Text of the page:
While Yokoi will always be remembered as the man who created the Game & Watch, the Game Boy and the ill-fated Virtual Boy, there's always been something uniquely interesting about the WonderSwan, which unlike any of the things above was never so incredibly awesome or such an incredible failure.

Yokoi left Nintendo in 1996 after the Virtual Boy, a 3D gaming device he championed, crashed and burned, making it Nintendo's only major and significant failure in the home video game market. In the same year he founded Koto Laboratory, a new company with which he partnered with Nintendo rival Bandai and set about creating yet another new video game handheld.


This device was to be called the WonderSwan, which would eventually be released in 1999, two years after Yokoi's tragic passing in 1997. While this means his involvement in the project was more limited than it was with, say, the Game Boy, Yokoi still had a hand in its development, and in many ways you can see not just his experience with Nintendo handhelds shining through, but also some unique ideas for the future of handheld gaming.

The WonderSwan ended up a quirky little thing, a handheld that was never truly a success like his works with Nintendo but which had enough unique features to earn it a significant - and lasting - following. First released on March 4, 1999, the most immediate thing you notice about the WonderSwan is its strange button layout.

Because the device had been designed to be able to play games either vertically or horizontally, the WonderSwan included ten identical buttons that also doubled as d-pad inputs. The original model shipped with a monochrome screen, and in a move aimed squarely at competing head-on with Nintendo, was priced cheap, at only ¥6800 (USD$80).

It also included a neat feature that you only usually saw on home consoles at the time: the presence of a settings menu, where you could not only adjust system settings but also enter personal information.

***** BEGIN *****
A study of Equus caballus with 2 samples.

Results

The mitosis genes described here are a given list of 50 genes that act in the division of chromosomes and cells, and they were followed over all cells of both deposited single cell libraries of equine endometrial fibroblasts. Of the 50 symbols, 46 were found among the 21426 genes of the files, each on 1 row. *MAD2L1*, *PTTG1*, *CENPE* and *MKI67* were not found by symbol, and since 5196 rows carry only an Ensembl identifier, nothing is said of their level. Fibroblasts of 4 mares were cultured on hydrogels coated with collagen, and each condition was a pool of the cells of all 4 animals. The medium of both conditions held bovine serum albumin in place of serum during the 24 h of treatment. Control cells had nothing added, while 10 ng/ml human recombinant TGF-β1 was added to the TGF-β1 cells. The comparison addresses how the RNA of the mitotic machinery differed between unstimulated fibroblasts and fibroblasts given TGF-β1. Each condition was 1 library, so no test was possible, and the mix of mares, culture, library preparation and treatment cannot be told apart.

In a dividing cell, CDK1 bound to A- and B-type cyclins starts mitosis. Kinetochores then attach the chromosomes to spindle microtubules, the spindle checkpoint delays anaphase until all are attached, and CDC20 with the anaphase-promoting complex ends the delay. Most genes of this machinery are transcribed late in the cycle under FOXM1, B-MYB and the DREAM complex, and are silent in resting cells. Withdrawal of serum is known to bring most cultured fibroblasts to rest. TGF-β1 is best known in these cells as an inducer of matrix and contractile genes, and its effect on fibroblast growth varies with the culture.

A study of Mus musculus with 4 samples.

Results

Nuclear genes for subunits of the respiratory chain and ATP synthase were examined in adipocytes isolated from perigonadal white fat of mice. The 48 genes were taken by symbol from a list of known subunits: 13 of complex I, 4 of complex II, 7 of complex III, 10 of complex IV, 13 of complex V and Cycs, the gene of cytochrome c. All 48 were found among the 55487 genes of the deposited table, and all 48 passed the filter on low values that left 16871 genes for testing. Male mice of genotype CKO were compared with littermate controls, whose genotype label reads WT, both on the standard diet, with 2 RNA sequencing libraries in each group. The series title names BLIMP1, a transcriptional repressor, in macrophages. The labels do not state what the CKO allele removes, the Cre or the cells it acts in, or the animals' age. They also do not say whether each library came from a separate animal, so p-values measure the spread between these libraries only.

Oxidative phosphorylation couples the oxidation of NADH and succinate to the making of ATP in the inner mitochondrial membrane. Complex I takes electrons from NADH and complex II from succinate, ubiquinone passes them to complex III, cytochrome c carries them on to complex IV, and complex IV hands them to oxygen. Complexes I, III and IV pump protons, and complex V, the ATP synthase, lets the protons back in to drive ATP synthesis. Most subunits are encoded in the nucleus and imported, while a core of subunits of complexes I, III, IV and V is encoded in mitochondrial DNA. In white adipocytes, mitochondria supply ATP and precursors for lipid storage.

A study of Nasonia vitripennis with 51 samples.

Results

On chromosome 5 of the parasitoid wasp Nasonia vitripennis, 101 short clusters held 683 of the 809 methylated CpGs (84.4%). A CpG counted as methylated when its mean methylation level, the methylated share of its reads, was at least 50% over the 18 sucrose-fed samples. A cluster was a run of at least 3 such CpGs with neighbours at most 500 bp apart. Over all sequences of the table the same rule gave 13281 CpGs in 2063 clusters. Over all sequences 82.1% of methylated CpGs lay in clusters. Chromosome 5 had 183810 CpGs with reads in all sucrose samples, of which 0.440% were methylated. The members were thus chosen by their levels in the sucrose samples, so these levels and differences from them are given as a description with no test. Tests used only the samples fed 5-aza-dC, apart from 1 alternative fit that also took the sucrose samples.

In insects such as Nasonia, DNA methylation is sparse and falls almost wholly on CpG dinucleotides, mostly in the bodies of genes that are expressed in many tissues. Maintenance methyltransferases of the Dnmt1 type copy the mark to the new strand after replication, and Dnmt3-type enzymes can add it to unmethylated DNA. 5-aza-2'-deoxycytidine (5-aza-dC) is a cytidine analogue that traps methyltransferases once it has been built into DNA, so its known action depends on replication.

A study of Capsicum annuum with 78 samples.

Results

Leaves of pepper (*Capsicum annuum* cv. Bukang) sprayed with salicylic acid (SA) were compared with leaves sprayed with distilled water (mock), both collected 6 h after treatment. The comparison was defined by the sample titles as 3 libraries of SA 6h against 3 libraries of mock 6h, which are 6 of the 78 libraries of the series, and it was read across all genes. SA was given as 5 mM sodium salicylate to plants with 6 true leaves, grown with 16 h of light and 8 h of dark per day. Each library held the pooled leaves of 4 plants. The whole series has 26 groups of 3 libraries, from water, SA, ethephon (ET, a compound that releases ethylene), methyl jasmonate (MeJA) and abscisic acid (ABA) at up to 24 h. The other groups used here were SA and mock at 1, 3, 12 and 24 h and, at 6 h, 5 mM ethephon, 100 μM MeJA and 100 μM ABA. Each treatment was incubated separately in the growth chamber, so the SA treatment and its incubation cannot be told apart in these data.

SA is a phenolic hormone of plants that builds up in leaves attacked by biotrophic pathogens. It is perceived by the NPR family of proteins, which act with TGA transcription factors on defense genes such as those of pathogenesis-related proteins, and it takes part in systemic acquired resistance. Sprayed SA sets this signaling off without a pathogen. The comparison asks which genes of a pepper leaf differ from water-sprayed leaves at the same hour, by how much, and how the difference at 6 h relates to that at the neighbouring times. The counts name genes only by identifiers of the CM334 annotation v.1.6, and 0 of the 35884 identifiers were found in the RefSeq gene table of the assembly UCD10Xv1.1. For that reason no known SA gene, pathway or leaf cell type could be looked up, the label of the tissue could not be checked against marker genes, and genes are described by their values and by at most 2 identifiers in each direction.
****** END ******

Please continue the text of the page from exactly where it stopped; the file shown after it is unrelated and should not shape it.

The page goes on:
Yet despite being available in a ton of colours right off the bat and featuring a decent library of games, including - crucially - updated re-releases of old Final Fantasy titles (including some snazzy bundles), the WonderSwan's release came only a few short months after Nintendo dropped the Game Boy Color on the market, which suddenly made Bandai's handheld (and fellow struggler the Neo Geo Pocket) look decidedly last-gen.


In December 2000, then, Koto and Bandai released the WonderSwan Color, which not only boasted a bigger, colour screen, but which also looked more like a gaming console and less like a cheap children's calculator.

By now, the WonderSwan was doing OK! It wasn't battling for market dominance with Nintendo, but it was approaching a 10% stake in the Japanese handheld market, which for a newcomer from two relatively small companies was an impressive feat!


And then, only three months after the release of the WonderSwan Color, Nintendo dropped the Game Boy Advance. The increased horsepower, vibrant screen and enormous game library of Nintendo's new handheld effectively killed off all competition in Japan, including the WonderSwan, and ensured a near monopoly in the market until Sony's PSP would be released.

As a last-ditch effort, a third WonderSwan was released in 2002. Called the SwanCrystal, it was essentially the same device under the hood as the last two models, only this time it had a fancy LCD screen. Against the might of the GBA, it could do little, and it would be the last WonderSwan the world would ever see (though it remains a favourite of collectors and handheld fans to this day).


All three models of the WonderSwan were only ever released officially in Japan.

It's a shame that Yokoi did not live to see the WonderSwan duke it out with Nintendo. Because while it ended up - like so many other handhelds - crushed beneath the feet of the industry giant, it tried some pretty unique and interesting things, and put up a much sterner fight than most other handhelds ever managed.